The Winter Olympics are a good reminder of how hard it is to accept defeat.
In my life, things aren’t measured as much as wins and losses as good days and bad days. Bad days are when I fail to achieve perfection.
Guess what? Yes, there are few good days as perfection is practically impossible. In music, I hate to miss notes, or miss an entry. My next performance is with Orchestra Iowa, performing Gustav Mahler’s 2nd symphony. It’s a massive, very difficult work; a musical equivalent to a marathon. I was moved up to first stand for this concert which is a big responsibility. I am a leader, and if I mess up, others might behind me.
In Mary Poppins the Musical there is a song called “Practically Perfect.” Anyone who has seen the Disney movie knows that Mary Poppins has attitude. She thinks she is the best and only possible nanny.
I was not born with that attitude. I’ve had to cultivate it. To me, people who are cocky or too sure of themselves are repulsive. Where is the middle ground? I always try not to compare myself with others.
Yet I race. I compete for jobs with others in music. It’s impossible to not do so.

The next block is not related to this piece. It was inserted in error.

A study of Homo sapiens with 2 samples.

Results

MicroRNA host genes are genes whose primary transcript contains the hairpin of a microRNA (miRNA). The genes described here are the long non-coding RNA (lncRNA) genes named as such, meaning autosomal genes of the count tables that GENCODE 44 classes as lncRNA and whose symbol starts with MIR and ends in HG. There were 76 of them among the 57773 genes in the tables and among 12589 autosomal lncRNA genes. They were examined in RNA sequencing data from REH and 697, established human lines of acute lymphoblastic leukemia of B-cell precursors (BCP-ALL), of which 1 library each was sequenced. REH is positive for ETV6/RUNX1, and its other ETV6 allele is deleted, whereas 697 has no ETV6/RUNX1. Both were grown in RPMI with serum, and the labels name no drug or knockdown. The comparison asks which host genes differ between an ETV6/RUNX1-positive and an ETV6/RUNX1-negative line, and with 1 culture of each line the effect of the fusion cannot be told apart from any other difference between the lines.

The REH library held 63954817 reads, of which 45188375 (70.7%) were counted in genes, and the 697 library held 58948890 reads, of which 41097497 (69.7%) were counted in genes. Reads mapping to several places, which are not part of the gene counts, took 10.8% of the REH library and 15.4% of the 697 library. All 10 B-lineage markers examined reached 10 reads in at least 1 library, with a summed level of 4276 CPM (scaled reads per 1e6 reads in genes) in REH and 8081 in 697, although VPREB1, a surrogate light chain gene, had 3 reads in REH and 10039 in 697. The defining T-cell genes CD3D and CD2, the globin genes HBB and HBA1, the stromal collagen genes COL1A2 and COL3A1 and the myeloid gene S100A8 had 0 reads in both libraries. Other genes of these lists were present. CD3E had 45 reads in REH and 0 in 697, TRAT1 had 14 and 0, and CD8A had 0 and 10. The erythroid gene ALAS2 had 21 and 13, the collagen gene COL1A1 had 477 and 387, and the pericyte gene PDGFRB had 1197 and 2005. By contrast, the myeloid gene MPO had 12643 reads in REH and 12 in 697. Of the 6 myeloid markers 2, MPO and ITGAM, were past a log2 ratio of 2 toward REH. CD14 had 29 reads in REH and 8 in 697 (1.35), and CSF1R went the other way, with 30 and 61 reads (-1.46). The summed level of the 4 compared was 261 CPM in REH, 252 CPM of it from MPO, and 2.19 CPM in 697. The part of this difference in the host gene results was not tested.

Perhaps the difference is being humble when you fail. We all do, you know. It’s picking yourself up, brushing yourself off and setting new goals. Today I finally took a peek at last week’s triathlon results. I was afraid of being last in my age category. Guess what? I was last. But there were only four of us, and the other women were super-fast. First place female in my age group biked at 26 mph for 10 mins. I was shocked to see that I actually came in second on the swim leg! This was after only doing a little over 19 laps in 10 mins and feeling like I was clinging to the side of the pool a few times to get a deep breath. I might of been third, but the woman I beat on the swim/bike ran at 10 mph…that’s under 6 min/mile pace!
Looking at the results I let my anxiety and perfectionism go. I know I may NEVER run 10 mph for 10 minutes with my bum ankle. I may be able to catch up with the others on the bike leg, however, if I keep pushing. I definitely can swim faster if I actually train and don’t have a virus. Looking at how fast the others were in the 40-49 women category, I decided that I just want to strive to be like them. I feel like less of a failure than I did mentally last week after the race when my knee was hurting and I just couldn’t push through to run faster.
The Brewmaster has shown that he loves every bit of me, even the parts I have trouble accepting. This is the first time in years that I feel like someone else takes me for all I am. It makes it easier to embrace my faults and weaknesses, even though I realize that needs to come from me, not him.
But I also have strengths. I can dig into those, cultivate them, and give life my best effort. In music, and Mahler, I can also just practice like crazy where my weaknesses are, enjoy having a big sound and very musical phrases, and let a few missed notes fly by. They will happen since I am not Robocellist.